2022 has been the year of ‘quiet’ workforce trends. You’ve surely heard of quiet quitting! The idea that employees are disengaged at work, but instead of resigning, they are doing the bare minimum at work, and setting clear work-life boundaries.
But now a second ‘quiet’ trend has entered the fray – ‘quiet constraint’.
Quiet constraint is a workplace trend where many employees hold in valuable knowledge at work, rather than sharing it with their colleagues.
One worker’s ‘quiet constraint’ may impact the whole team. If there is a team working on a project and one worker is sabotaging the communication flow, this could have impact on productivity, time and money, say workplace experts.
A study conducted by Kahoot!, a global learning platform company, revealed some interesting statistics about the quiet constraint phenomenon:
- Over half of all workers (58%) hold back potentially helpful information in the workplace.
- Men are more likely to withhold work-related information than women (63% vs 57%) and are more likely to do it more often (27% vs 16%).
- Gen Z workers (defined by Pew Research as people born between 1997 to 2012) are the most likely to be guilty of quiet constraint (77%).
According to an article on HR.com, when asked why they haven’t shared their knowledge with co-workers, employees pointed to similar issues. First, employees cited the need for enablement, with 26% saying they have never been asked to share, and 23% saying their employer doesn’t provide them with a channel or means to do so. Barriers in workplace culture were also a major sticking point, with 26% saying they feel their talent and self-expression are stifled at work, and 22% saying they don’t feel valued at work and that their employer underestimates their knowledge and capabilities.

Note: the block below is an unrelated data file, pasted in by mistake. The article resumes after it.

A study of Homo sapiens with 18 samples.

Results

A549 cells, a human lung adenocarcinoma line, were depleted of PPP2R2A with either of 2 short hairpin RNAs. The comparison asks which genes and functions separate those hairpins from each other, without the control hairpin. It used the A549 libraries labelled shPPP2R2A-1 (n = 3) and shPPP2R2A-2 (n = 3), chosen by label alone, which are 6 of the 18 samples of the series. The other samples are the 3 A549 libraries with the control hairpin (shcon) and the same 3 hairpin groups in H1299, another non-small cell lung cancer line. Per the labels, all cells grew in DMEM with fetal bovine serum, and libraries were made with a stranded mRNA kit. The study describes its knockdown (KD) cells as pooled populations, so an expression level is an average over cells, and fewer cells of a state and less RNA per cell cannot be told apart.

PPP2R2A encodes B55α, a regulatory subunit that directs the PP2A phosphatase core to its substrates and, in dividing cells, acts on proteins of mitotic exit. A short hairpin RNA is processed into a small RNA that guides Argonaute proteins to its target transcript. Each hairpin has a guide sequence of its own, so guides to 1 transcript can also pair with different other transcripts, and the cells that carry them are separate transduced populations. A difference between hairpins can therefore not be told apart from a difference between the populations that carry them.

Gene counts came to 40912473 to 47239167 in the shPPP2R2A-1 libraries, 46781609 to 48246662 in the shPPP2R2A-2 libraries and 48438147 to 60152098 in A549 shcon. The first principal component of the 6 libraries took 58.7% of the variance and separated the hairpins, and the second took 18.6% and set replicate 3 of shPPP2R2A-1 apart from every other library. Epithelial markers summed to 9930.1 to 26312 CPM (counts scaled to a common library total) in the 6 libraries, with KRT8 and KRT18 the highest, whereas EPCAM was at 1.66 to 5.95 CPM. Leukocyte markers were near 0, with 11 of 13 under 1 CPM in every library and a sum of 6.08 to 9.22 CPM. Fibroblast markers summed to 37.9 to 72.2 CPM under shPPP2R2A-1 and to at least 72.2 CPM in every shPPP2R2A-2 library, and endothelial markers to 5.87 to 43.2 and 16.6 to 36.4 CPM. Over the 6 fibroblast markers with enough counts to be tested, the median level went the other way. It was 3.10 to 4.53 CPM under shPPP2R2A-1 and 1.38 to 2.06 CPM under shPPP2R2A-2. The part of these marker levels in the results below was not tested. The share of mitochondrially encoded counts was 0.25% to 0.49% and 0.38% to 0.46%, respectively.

Lastly, a smaller but still significant portion of employees says they withhold knowledge deliberately. Sixteen percent say they do this because they don’t want their co-workers to gain a competitive edge, and 13% say they don’t want to proactively help others unless they have an incentive. This again points back to the need to foster a connected workplace culture where people recognize collaborative learning as a win-win.
The only solution to this new phenomenon is employee engagement. Don’t be a spectator to everything that happens in your company go quiet anymore.